If These Walls Could Talk: Northern Surplus supersedes auto stores in downtown building

Jul 02, 2023

Editor's note: This is part of a 15-story series titled "If These Walls Could Talk" completed by Pioneer reporters with help from the Beltrami County Historical Society for our 2023 Annual Report.

Near the edge of Bemidji’s downtown area there is a building that housed a few of the town’s most recognizable businesses. The brick structure on the northeast corner of Third Street and America Avenue currently hosts Northern Surplus, but the corner has been in regular use since shortly after the town was platted.

Several timber companies used the lots before the Bemidji Timber Company occupied the corner at 325 Third Street from 1928 to 1938. Two businesses shared the corner in 1942. Earl Bucklen operated his plumbing business there. Robert and Edward Swenson conducted the Swenson Electric company at the same location.

Bucklen sold the building to Harry Pihl in October 1944. Pihl had been renting part of the building for a machine shop.

Pihl and H.J. Strowbridge had previously partnered in the Bemidji Auto Parts Co. down the block at 305-307 Third Street and secured one of the first defense projects in Bemidji in February 1942.


In the fall of 1945, Pihl replaced the plumbing shop with a new construction which he added to the machine shop at the rear of the lot. The building was all blonde brick construction. Bemidji Auto Parts moved into the new building in June 1946.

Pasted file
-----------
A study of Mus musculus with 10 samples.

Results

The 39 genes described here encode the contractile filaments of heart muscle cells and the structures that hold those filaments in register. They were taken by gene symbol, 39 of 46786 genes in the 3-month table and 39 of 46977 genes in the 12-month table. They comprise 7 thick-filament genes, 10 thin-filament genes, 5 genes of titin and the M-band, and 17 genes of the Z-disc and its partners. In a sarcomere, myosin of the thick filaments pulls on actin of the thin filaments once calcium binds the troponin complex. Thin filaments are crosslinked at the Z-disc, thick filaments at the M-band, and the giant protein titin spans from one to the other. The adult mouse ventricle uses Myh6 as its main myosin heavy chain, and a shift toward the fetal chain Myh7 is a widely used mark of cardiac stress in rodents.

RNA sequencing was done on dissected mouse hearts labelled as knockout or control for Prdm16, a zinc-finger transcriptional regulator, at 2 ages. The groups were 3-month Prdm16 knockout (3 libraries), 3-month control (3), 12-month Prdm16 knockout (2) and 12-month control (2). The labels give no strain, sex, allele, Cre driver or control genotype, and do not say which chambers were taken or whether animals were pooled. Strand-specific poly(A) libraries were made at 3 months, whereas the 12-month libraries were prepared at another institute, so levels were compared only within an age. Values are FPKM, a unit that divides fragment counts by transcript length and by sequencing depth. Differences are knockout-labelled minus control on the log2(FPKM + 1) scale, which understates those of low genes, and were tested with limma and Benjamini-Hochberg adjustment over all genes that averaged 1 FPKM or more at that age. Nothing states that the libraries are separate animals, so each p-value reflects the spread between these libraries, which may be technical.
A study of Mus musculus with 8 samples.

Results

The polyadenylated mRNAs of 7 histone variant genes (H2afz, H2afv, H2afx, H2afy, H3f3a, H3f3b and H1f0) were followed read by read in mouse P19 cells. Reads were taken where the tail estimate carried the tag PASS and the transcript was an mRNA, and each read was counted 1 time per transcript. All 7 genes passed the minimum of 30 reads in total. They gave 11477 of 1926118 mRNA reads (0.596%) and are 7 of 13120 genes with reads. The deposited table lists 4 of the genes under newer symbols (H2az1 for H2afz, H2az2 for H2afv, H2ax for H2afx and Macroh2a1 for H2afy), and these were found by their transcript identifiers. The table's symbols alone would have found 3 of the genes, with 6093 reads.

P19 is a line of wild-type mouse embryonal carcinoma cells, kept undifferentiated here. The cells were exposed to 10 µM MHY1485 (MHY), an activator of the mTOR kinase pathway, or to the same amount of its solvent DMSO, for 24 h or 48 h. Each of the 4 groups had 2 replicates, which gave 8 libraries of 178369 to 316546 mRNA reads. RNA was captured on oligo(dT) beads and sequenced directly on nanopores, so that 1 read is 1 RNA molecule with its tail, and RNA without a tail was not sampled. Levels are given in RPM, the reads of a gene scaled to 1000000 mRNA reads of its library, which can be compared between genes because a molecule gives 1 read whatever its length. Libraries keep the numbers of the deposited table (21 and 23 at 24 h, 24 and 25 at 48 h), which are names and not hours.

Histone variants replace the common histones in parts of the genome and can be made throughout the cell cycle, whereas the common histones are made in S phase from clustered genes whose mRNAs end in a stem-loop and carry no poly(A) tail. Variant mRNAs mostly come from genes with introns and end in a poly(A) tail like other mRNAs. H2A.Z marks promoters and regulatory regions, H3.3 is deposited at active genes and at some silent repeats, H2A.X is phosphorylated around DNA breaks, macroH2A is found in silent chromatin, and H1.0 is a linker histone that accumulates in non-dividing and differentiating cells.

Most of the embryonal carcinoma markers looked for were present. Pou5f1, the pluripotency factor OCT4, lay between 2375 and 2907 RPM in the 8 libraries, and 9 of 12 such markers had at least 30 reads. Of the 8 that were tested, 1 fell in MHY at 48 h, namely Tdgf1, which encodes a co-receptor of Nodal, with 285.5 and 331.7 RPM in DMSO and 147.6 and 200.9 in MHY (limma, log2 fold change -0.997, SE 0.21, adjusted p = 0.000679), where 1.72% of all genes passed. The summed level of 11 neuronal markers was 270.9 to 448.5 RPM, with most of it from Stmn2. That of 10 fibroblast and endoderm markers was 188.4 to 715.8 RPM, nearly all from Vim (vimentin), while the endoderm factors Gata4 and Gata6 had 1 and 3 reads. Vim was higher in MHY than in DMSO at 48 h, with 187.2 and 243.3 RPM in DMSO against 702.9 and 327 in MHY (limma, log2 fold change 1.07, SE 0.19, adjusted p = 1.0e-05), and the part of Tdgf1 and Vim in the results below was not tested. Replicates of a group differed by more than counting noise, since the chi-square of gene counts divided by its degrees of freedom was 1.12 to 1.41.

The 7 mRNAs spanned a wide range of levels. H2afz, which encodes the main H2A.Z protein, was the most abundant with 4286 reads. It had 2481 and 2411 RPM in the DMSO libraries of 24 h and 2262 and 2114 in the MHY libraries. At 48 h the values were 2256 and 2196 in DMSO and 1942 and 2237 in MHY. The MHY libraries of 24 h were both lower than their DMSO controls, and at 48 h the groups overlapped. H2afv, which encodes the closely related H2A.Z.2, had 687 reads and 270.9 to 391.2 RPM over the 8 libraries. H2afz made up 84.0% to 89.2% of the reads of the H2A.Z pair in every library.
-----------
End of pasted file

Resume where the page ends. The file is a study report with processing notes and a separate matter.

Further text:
Pihl operated the parts business for more than four decades. Pihl’s fingerprints touched many local businesses, including Pihl Manufacturing Co., Bemidji Broadcasting Co., Bemidji Aviation Inc., and the North Central Garage Door Co.

Although Harry Pihl had retired, and died in 1989, and his son Harry “Fred” Pihl had retired, and died in 1994, Bemidji Auto Parts was still listed in 1995 at 325 Third Street as well as an entrance from 310 America Ave. William Bruers had been the manager for some years.

Northern Surplus moved to the location in 2000.

Northern Surplus was started in Bemidji by Donald Thoreson and Alden Kittleson in the Troppman Building. Pete and Alice Dreyer purchased the Northern Surplus Store in Bemidji in the 1970s. Their son, Bruce Dreyer, now operates the business.

“I’ve been selling leather since 1976,” Dreyer explained. “At one time, I had the only leather store in the state of Minnesota. I carry a large selection of (Indigenous) regalia. I think Northern Surplus is very important to the community. I’m locally owned and have had a good rapport with our customers.”

From plumbing to leather, the historic brick building on the corner of Third and America has served as a staple of some of Bemidji’s most prominent ventures.